Is there a doctrine in the house? | Feature | Chicago Reader

Is there a doctrine in the house? 


In one sense an extremist is a wacko--somebody who accuses opponents of disrupting his daughter's wedding or raves about black UN helicopters. Salvi and Durbin are not extreme by this standard.

In another sense an extremist is anyone you disagree with about practically everything. Durbin and Salvi are so far apart on most issues that each may really believe the other is extreme. By this definition both men qualify.

A little more objective may be the definition of an extremist as someone who's far from the center. But what center, and how far? One reasonable yardstick is a comparison of each candidate's record with his party's centerline. Most political observers agree that legislatures have tended to polarize in recent years and have fewer moderate Democrats and Republicans, so even by this standard it may be more difficult than in the past to appear extreme. Durbin and Salvi have served in different legislative bodies, so we can't compare their votes on the same bills. But both have been rated by lobby groups of all persuasions. Does either of them vote consistently to the left or the right of his party's centerline? The short and surprising answer: in 1995 Durbin voted left of the Democratic average in eight ratings out of eight. Salvi voted right of the Republican average only three times out of eight.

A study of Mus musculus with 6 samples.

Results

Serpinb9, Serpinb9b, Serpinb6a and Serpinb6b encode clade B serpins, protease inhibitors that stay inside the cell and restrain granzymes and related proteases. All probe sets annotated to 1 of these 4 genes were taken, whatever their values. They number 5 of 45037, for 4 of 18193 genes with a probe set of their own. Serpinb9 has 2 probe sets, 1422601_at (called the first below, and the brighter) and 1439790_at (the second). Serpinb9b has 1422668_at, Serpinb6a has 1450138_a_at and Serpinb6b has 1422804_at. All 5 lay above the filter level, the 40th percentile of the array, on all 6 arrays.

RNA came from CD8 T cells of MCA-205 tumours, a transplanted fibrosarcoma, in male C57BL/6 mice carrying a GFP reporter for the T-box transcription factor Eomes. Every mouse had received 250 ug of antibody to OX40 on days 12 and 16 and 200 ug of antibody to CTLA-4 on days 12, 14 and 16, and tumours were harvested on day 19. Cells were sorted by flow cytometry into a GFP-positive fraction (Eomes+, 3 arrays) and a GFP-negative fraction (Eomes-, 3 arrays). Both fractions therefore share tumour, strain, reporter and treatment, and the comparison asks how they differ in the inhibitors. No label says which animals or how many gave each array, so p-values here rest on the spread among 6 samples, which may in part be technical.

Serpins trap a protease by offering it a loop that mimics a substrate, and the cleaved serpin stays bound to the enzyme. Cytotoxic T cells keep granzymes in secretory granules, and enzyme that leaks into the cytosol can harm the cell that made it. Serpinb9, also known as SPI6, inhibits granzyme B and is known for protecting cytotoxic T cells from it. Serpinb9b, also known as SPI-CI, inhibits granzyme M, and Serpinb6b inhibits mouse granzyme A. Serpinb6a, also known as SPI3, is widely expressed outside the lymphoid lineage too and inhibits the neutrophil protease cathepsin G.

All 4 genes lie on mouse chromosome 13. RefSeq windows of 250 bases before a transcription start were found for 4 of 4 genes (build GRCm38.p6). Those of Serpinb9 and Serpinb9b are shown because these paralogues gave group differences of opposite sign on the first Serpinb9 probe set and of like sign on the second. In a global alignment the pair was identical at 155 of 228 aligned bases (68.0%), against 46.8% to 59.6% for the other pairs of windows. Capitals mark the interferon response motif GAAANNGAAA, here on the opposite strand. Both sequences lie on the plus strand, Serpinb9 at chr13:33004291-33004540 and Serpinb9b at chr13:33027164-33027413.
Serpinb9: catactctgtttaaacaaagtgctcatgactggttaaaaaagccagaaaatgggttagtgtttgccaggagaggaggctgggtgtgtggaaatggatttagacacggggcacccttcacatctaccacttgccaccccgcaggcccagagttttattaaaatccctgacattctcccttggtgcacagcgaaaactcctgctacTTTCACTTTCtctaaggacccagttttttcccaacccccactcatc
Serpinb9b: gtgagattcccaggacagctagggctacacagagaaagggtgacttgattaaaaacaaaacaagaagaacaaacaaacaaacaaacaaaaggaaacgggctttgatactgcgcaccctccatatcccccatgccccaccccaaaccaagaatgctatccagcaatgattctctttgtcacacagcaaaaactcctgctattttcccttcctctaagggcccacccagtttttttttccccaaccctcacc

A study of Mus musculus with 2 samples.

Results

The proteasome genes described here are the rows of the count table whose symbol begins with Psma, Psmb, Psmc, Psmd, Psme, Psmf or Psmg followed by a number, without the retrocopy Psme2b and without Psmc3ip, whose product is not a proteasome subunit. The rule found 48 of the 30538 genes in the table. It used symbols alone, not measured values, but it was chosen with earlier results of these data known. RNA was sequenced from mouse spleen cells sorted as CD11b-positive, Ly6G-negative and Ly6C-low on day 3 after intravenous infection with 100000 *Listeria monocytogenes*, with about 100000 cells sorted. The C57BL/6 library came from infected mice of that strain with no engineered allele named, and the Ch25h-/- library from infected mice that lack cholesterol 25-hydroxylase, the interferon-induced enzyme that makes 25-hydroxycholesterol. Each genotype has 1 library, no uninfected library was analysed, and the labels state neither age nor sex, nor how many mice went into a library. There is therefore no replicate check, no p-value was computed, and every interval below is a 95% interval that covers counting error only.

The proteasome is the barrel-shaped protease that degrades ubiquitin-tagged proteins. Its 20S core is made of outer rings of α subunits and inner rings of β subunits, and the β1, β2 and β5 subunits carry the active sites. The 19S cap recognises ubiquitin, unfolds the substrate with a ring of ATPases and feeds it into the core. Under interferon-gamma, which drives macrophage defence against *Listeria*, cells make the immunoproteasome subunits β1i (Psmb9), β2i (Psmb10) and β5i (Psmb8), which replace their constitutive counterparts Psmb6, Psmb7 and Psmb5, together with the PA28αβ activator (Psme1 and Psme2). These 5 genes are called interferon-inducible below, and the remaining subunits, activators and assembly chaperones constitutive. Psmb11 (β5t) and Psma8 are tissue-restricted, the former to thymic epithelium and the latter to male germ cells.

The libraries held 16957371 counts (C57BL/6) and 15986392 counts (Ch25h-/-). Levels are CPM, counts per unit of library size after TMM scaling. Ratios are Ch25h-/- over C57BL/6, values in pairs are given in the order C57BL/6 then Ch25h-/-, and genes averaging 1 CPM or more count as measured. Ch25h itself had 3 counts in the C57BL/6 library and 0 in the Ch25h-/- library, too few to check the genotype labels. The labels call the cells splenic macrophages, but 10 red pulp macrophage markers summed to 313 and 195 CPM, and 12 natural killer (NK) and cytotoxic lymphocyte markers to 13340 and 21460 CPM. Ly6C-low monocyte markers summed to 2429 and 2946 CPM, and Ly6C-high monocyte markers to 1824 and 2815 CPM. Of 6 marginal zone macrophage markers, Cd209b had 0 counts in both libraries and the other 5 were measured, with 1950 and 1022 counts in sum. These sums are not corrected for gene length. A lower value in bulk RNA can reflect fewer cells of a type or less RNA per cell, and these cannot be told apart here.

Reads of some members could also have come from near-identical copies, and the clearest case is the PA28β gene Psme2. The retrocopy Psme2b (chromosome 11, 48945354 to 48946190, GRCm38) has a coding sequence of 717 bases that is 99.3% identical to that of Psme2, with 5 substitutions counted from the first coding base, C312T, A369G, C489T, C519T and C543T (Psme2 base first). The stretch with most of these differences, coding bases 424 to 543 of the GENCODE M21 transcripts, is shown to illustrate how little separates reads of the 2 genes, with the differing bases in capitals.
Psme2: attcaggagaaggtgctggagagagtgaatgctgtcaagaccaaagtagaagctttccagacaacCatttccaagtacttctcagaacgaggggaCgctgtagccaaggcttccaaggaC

Voting records don't tell everything. They can only show issues that came to a vote. They focus on some issues and not others. And they tell nothing about how a candidate works with colleagues behind the scenes in the legislature. But these ratings do suggest that in 1995 Durbin voted a bit more consistently liberal than Salvi voted consistently conservative.